Today, most remaining sword swallowers are part of a circus or other form of traveling entertainment show. This may involve a side show, or simply performing at small parties or other events. Though the performance art of sword swallowing was once very popular throughout the world, it faded in popularity throughout the 20th century as other forms of entertainment, such as film, television, radio, and computers, came into greater use.
Like many other performance artists, a sword swallower will typically be part of a fairly niche market and is usually self-taught. Though there is a Sword Swallowers Association International (SSAI) that strives to ensure the art of sword swallowing survives, it can still be very difficult to find an instructor. According to the SSAI, the process of learning to become a sword swallower can take several years, and many more years to master the art.
There are also a number of very serious potential risks taken by a sword swallower. Though the blades being inserted down the person’s throat may not always be razor sharp, there is still a great deal of risk involved with inserting a length of metal down a person’s throat. Many sword swallowers complain of sore throats from frequent performances or while first learning the process. There is also the potential for minor to severe lacerations to the interior of the esophagus, pharynx, and stomach during the process of sword swallowing.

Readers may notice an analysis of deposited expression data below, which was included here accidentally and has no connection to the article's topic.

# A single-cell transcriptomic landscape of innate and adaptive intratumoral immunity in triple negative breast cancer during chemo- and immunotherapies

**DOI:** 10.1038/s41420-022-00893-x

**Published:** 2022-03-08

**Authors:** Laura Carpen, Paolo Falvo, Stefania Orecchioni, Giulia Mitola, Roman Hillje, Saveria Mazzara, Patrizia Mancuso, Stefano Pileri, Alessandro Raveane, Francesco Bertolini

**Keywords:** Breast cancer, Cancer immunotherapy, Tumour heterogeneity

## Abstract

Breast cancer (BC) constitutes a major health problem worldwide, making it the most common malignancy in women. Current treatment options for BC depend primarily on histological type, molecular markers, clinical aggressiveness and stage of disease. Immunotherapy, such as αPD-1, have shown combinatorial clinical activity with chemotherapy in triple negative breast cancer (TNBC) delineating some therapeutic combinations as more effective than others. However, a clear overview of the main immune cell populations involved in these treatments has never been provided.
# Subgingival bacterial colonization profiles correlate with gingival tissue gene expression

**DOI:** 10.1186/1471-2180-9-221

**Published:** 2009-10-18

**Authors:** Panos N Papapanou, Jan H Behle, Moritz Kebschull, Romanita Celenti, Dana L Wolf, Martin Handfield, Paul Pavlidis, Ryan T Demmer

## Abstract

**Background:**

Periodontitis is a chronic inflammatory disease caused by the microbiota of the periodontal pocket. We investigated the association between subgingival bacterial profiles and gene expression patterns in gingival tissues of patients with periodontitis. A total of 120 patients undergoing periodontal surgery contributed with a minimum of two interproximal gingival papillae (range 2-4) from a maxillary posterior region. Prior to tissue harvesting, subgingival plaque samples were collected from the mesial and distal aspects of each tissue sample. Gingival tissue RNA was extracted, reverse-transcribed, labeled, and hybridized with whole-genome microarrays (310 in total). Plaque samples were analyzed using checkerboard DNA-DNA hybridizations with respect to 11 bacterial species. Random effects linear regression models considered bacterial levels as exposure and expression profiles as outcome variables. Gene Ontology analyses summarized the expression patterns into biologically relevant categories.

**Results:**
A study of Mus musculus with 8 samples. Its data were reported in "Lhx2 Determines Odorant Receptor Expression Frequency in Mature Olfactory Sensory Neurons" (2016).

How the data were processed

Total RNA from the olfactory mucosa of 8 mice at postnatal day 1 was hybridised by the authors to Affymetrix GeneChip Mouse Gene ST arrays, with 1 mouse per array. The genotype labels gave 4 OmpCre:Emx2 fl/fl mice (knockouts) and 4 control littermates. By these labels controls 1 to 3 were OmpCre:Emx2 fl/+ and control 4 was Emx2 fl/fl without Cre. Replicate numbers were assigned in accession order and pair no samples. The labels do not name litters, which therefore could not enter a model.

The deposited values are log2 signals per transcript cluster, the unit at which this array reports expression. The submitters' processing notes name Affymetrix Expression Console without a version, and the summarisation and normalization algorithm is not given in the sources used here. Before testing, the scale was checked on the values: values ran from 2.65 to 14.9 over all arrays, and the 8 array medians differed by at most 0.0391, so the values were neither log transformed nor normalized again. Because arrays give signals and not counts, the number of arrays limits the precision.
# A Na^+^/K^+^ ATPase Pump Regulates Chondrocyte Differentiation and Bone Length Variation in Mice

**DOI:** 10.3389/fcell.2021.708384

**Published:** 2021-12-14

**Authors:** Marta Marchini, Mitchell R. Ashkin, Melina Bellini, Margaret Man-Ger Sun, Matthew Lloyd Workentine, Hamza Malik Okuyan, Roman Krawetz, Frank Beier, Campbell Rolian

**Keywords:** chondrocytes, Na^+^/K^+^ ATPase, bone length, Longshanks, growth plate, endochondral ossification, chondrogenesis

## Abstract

While there are relatively few recorded cases of sword swallower deaths due to accident while performing, it is still a dangerous art form. Anyone considering learning to swallow swords should do so only with the utmost caution and should practice controlling his or her gag reflex first. To become a sword swallower takes a great deal of effort, practice, and extreme caution.
Today, there are very few sword swallowers left, with fewer than a few dozen professional sword swallowers actively performing in the world, and no sword swallowers performing with the last few traditional circuses since the last circus sword swallower died in 1979. There are currently three sword swallowers performing with traveling circus sideshows, and a few others who are part of the new modern hybrid of neo-sideshow/burlesque shows.
According to research conducted by the Sword Swallowers Association International, there have been 29 deaths attributed to sword swallowing injuries over the past 150 years. The SSAI reports from three to eight serious sword swallowing related injuries each year that require hospitalization, with other injuries untreated or unreported.